Is the debate on sending soap to Africa missing the point?Posted: June 24, 2011
The Global Soap Project – reprocessing unwanted soap from American hotels and sending the new bars for free distribution in Africa – has been in the news recently thanks to recognition of its founder Derreck Kayongo as a “CNN Hero”. But the project has also received criticism from Scott Gilmore and Dean Karlan that this is yet another example of “SWEDOW”: sending unwanted Western goods as in-kind donations to poor countries, without paying sufficient attention to if they are really needed, if this is the most cost-effective way of providing the goods, or if there could be unintended consequences such as damage to local businesses trying to supply the same products.
Encouragingly, representatives of the Global Soap Project have shown willingness to engage with the criticism, and are promising more evidence on their website soon to demonstrate why they think their business model is the most cost-effective way of ensuring poor people have access to soap – this will put everyone in a better position to debate the actual figures involved.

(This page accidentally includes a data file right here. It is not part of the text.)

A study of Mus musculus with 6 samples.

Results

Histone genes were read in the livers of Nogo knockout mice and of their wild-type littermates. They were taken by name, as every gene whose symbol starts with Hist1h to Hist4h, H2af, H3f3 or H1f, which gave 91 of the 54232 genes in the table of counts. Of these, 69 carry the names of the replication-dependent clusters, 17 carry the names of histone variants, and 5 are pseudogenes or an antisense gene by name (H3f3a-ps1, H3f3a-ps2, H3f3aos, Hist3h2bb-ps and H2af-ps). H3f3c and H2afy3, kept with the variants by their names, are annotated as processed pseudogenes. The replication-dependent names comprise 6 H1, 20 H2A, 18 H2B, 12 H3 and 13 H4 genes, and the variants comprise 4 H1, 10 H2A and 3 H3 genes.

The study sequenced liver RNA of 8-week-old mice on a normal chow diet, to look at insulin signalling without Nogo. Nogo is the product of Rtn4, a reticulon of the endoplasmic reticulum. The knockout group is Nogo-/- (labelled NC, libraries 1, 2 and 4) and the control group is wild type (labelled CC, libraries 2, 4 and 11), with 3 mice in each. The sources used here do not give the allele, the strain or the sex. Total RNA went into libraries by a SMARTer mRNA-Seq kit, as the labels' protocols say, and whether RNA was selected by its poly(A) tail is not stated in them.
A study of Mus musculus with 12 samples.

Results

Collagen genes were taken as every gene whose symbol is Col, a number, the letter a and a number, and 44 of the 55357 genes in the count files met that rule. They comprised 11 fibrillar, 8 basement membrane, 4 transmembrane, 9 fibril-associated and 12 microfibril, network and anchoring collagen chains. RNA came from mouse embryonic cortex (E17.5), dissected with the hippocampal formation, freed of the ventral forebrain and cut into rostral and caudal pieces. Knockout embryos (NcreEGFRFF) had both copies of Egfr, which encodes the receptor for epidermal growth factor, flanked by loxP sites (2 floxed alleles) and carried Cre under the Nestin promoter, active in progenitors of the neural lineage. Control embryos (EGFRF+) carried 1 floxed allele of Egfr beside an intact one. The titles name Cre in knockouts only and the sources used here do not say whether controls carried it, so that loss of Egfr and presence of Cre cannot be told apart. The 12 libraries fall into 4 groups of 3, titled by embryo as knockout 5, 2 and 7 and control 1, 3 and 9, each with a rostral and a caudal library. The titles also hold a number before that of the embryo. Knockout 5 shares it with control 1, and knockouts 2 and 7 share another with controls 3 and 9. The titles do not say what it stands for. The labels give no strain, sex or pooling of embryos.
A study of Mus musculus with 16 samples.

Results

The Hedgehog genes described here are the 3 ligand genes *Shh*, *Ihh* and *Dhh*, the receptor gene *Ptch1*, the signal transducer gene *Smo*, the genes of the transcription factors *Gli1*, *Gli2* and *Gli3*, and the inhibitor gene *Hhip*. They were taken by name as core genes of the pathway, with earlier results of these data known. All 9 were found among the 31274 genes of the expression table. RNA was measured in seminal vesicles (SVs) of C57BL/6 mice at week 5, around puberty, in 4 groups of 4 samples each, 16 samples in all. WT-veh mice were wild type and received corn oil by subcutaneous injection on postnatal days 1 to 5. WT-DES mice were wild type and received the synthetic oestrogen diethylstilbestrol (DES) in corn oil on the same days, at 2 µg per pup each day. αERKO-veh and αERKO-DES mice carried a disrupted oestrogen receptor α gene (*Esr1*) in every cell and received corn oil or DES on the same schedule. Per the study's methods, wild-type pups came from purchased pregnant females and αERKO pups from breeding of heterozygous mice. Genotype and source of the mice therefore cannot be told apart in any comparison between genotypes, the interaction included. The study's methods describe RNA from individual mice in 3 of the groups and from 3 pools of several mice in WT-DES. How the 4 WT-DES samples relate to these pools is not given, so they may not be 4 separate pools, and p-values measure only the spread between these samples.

However, this debate about SWEDOW seems to skip over the wider point: even if people have soap, they don’t often wash their hands when they should (Karlan alludes to this as an aside at the end of his article). The Global Public-Private Partnership for Handwashing with Soap puts it simply:
Low rates of handwashing are rarely caused by a lack of soap. Soap is present in the vast majority of households worldwide, but it is commonly used for bathing and laundry, not for handwashing … In studies around the world, one major reason for low rates of handwashing with soap is that this is simply not a habit.
The challenge remains: make handwashing with soap a worldwide habit and social norm.
As part of its soap distribution, the Global Soap Project says that it works with partners to “educate recipients on the best way to use it for health and sanitation purposes”. But even if this reprocessing and distribution system turns out to be the most cost-effective method of enabling poor people to have immediate access to soap (and doesn’t do longer-term damage to local markets), we need to understand and question where free handouts fit into making handwashing with soap a consistent long-term practice.